Peltz Gallery Presents Warrington Colescott
89-year-old Colescott displays 2008-2009 watercolors that interweave his love
for history and creative narrative, as seen in his painting Jefferson and Bonaparte Cut a Deal. This
vivid and satirical depiction of the Louisiana Purchase led to a series of
full-sheet watercolors based on the subsequent Lewis and Clark
expedition. Colescott portrays that treacherous and amazing journey across America to the
Pacific coast through a dozen large-scale images.
heavyweight Arches papers with figures, interiors, exteriors, landscapes,
movements and minute details in opaque and transparent colors. Charcoal
drawings underlay the paintings, which are then highlighted with varying
thicknesses of ink. When adding depth to specific areas, like a blond head of
hair or interior ornamentation, Colescott sometimes applies oil crayon or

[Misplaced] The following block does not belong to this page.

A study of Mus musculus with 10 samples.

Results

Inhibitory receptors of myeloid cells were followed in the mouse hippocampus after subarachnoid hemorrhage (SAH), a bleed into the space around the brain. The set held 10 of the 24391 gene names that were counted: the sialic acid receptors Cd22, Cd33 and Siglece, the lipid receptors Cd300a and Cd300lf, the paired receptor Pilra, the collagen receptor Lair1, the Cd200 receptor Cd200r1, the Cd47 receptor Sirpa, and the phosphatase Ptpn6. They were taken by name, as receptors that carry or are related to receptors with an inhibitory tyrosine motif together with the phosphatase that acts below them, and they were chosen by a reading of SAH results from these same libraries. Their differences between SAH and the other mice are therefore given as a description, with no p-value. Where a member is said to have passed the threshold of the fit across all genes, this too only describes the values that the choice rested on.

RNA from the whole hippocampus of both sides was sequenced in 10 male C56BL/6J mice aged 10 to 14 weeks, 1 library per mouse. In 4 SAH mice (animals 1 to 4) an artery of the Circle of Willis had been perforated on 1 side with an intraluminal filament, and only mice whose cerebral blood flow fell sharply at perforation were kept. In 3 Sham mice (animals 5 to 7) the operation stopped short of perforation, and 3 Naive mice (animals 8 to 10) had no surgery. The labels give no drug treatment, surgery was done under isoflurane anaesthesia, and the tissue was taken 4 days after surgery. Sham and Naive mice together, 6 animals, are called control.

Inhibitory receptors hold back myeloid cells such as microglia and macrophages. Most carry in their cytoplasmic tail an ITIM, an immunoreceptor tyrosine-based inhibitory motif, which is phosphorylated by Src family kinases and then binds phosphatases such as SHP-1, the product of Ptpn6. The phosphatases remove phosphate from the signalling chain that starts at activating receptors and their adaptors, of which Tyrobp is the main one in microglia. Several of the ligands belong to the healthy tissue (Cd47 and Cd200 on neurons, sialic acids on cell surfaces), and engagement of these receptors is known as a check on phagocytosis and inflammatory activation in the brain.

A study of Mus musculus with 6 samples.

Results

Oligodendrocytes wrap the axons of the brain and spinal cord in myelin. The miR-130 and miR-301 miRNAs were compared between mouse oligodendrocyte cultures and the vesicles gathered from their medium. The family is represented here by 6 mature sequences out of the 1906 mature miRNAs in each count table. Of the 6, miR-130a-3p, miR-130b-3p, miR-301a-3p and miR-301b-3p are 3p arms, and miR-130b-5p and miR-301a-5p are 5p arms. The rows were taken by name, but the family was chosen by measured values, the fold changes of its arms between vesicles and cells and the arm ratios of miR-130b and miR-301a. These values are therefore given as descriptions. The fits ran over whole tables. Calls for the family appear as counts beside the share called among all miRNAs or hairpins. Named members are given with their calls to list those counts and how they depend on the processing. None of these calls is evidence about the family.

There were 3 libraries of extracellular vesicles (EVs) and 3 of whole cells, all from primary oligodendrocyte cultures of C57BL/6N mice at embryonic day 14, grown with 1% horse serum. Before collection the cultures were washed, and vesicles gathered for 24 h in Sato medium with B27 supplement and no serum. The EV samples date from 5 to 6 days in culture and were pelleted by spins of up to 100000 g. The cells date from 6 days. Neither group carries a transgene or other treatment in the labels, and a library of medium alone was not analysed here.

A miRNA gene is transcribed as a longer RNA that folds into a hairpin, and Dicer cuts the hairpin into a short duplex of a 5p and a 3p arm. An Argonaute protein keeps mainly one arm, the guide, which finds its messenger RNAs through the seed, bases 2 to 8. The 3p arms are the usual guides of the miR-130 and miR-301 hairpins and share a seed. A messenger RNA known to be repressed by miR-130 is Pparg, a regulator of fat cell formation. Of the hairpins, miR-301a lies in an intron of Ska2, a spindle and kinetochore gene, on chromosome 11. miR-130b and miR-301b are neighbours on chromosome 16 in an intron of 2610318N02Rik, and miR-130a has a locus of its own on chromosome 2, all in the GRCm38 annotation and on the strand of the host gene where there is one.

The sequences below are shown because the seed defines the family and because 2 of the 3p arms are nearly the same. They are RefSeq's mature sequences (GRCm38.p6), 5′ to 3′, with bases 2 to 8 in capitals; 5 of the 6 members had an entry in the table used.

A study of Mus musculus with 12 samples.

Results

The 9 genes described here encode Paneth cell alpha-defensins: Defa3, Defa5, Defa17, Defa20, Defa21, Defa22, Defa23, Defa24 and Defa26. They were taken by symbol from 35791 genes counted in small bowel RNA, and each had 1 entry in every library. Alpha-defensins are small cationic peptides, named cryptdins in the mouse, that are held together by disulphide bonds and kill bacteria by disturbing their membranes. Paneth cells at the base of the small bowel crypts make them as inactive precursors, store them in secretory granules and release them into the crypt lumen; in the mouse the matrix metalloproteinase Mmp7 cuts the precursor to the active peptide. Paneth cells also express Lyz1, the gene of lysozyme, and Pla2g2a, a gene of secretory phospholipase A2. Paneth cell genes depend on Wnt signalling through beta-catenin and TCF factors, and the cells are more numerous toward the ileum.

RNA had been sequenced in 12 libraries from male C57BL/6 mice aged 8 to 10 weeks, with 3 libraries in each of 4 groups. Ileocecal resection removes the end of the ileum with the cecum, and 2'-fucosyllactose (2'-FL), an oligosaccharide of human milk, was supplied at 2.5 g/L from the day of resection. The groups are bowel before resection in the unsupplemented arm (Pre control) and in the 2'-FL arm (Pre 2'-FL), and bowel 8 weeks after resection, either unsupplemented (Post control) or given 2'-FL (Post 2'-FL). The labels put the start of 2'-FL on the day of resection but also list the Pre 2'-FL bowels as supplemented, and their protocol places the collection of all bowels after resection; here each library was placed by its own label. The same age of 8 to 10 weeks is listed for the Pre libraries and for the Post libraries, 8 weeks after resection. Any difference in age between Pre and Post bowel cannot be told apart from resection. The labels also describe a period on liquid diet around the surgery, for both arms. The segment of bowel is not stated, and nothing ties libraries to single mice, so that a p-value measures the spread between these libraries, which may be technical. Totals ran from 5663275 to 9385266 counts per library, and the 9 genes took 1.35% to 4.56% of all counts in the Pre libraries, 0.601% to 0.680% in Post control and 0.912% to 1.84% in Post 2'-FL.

pastel to the watercolors.
frequently illustrate historical situations, sometimes through altered
perceptions, incorporating Colescott’s own interpretation of the past while
also referencing contemporary political and social culture. Two very
imaginative watercolors, Fish Eaters and
Fish Eaters II, display a variety of
human and marine life patronizing eateries while enjoying fish
delicacies—Colescott’s witty and wondrous campaign to promote eating the
healthy seafood that he relished when he lived in the Pacific Northwest.
Spend time carefully studying, then smiling over, each image in this singular exhibit. Every detail shows Colescott’s irreverent perspective on America in vibrant and eccentric worlds that radiate intelligence. Distinctly different from the upcoming MAM print exhibition, these watercolors could be the best history lesson you get all summer.